Saturn's moon Enceladus may indeed hide an underground reservoir of water.
Scientists at Jet Propulsion Lab in California, the University of Colorado and the University of Central Florida in Orlando teamed up to analyze the plumes of water vapor and ice particles spewing from the moon. They used data collected by the Cassini spacecraft's Ultraviolet Imaging Spectrograph (UVIS). Cassini was launched from the Kennedy Space Center in 1997 and has been orbiting Saturn since July 2004.
The team, including UCF Assistant Professor Joshua Colwell, found that the source of plumes may be vents on the moon that channel water vapor from a warm, probably liquid source to the surface at supersonic speeds.
The team's findings are reported in the Nov. 27 issue of the journal Nature.
"There are only three places in the solar system we know or suspect to have liquid water near the surface," Colwell said. "Earth, Jupiter's moon Europa and now Saturn's Enceladus. Water is a basic ingredient for life, and there are certainly implications there. If we find that the tidal heating that we believe causes these geysers is a common planetary systems phenomenon, then it gets really interesting."
The team's findings support a theory that the plumes observed are caused by a water source deep inside Enceladus. This is not a foreign concept. On earth, liquid water exists beneath ice at Lake Vostok, Antarctica.
Scientists suggest that in Enceladus's case, the ice grains would condense from the vapor escaping from the water source and stream through the cracks in the ice crust before heading into space. That's likely what Cassini's instruments detected in 2005 and 2007, the basis for the team's investigation.
The team's work also suggests that another hypothesis is unlikely. That theory predicts that the plumes of gas and dust observed are caused by evaporation of volatile ice freshly exposed to space when Saturn's tidal forces open vents in the south pole. But the team found more water vapor coming from the vents in 2007 at a time when the theory predicted there should have been less.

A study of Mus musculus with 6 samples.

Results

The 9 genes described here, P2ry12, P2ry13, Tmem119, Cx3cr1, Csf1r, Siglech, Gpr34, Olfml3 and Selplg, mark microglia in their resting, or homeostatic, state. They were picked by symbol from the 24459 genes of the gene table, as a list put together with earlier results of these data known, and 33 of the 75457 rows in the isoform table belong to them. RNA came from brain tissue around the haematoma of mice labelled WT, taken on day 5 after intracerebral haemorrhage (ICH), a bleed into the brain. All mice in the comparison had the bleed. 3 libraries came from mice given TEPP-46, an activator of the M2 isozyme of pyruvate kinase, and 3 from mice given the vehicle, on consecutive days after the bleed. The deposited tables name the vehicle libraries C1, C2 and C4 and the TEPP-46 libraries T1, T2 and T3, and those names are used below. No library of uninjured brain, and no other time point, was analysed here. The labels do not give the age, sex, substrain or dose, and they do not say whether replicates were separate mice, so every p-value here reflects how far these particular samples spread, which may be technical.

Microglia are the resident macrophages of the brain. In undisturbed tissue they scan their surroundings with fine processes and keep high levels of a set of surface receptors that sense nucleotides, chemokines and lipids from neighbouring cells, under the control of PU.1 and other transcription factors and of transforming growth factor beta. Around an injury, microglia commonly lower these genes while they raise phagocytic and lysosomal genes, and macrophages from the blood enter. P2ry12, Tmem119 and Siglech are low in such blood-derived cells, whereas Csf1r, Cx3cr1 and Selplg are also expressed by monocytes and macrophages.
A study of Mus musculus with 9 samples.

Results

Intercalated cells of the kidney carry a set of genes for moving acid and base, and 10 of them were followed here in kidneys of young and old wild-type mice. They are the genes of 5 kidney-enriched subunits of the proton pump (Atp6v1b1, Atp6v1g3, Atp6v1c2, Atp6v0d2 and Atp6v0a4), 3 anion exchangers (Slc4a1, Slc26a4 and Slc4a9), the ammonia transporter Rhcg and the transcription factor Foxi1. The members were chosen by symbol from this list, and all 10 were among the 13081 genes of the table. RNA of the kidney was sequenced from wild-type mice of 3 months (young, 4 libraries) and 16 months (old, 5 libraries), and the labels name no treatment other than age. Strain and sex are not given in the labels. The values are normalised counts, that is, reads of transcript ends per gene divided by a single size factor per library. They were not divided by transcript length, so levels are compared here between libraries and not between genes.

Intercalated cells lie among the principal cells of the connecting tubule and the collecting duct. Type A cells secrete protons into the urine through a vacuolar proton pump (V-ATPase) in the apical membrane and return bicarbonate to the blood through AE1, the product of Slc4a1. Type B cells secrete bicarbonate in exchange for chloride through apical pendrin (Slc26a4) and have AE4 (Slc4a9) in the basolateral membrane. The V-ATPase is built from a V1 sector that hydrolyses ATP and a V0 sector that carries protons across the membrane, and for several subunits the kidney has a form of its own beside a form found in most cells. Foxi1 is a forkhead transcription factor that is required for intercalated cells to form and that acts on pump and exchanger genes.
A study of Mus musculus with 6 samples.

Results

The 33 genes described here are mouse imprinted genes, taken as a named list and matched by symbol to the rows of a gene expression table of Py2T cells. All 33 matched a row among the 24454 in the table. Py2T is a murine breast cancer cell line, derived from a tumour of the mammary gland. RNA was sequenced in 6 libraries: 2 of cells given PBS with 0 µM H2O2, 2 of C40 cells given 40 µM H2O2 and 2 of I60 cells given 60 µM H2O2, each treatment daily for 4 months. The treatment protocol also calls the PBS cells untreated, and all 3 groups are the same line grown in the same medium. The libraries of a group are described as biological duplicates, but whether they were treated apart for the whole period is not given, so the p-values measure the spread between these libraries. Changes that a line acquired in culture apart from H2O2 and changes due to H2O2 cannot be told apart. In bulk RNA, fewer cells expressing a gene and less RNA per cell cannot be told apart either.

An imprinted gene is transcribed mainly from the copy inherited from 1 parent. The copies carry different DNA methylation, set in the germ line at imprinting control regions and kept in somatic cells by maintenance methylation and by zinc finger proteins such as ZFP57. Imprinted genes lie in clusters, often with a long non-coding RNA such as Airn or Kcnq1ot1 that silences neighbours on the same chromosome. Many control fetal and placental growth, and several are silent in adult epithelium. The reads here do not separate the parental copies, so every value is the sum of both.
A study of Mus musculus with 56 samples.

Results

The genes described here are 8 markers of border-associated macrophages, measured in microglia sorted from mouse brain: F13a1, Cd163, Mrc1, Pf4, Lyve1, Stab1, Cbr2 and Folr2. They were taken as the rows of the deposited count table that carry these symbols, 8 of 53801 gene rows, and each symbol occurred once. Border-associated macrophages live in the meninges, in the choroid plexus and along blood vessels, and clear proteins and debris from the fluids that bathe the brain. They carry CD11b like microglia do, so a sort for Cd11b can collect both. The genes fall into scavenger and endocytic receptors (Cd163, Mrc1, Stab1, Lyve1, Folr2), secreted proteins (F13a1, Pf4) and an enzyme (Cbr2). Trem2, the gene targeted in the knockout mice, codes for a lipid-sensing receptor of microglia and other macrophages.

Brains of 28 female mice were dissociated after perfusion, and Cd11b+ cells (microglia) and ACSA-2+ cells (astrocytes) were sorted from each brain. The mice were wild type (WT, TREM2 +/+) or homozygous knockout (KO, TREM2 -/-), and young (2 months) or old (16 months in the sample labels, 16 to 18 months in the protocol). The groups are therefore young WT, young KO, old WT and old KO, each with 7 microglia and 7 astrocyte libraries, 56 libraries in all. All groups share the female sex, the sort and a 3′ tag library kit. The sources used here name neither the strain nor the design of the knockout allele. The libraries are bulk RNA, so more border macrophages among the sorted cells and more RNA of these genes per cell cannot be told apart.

"Our observations do not agree with the predicted timing of the faults opening and closing due to tidal tension and compression," said Candice Hansen, the lead author on the project. "We don't rule it out entirely . . . but we also definitely do not substantiate this hypothesis."
Instead, their results suggest that the behavior of the geysers supports a mathematical model that treats the vents as nozzles that channel water vapor from a liquid reservoir to the surface of the moon. By observing the flickering light of a star as the geysers blocked it out, the team found that the water vapor forms narrow jets. The authors theorize that only high temperatures close to the melting point of water ice could account for the high speed of the water vapor jets.
Although there is no solid conclusion yet, there may be one soon. Enceladus is a prime target of Cassini during its extended Equinox Mission, underway now through September 2010.
The team of researchers also includes Brad Wallis, and Amanda Hendrix from Jet Propulsion Laboratory; Larry Esposito (principal investigator of the UVIS investigation), Bonnie Meinke and Kris Larsen from the University of Colorado; Wayne Pryor from Central Arizona College; and Feng Tian, from NASA's postdoctoral program.
"We still have a lot to discover and learn about how this all works on Enceladus," Colwell said. "But this is a good step in figuring it all out."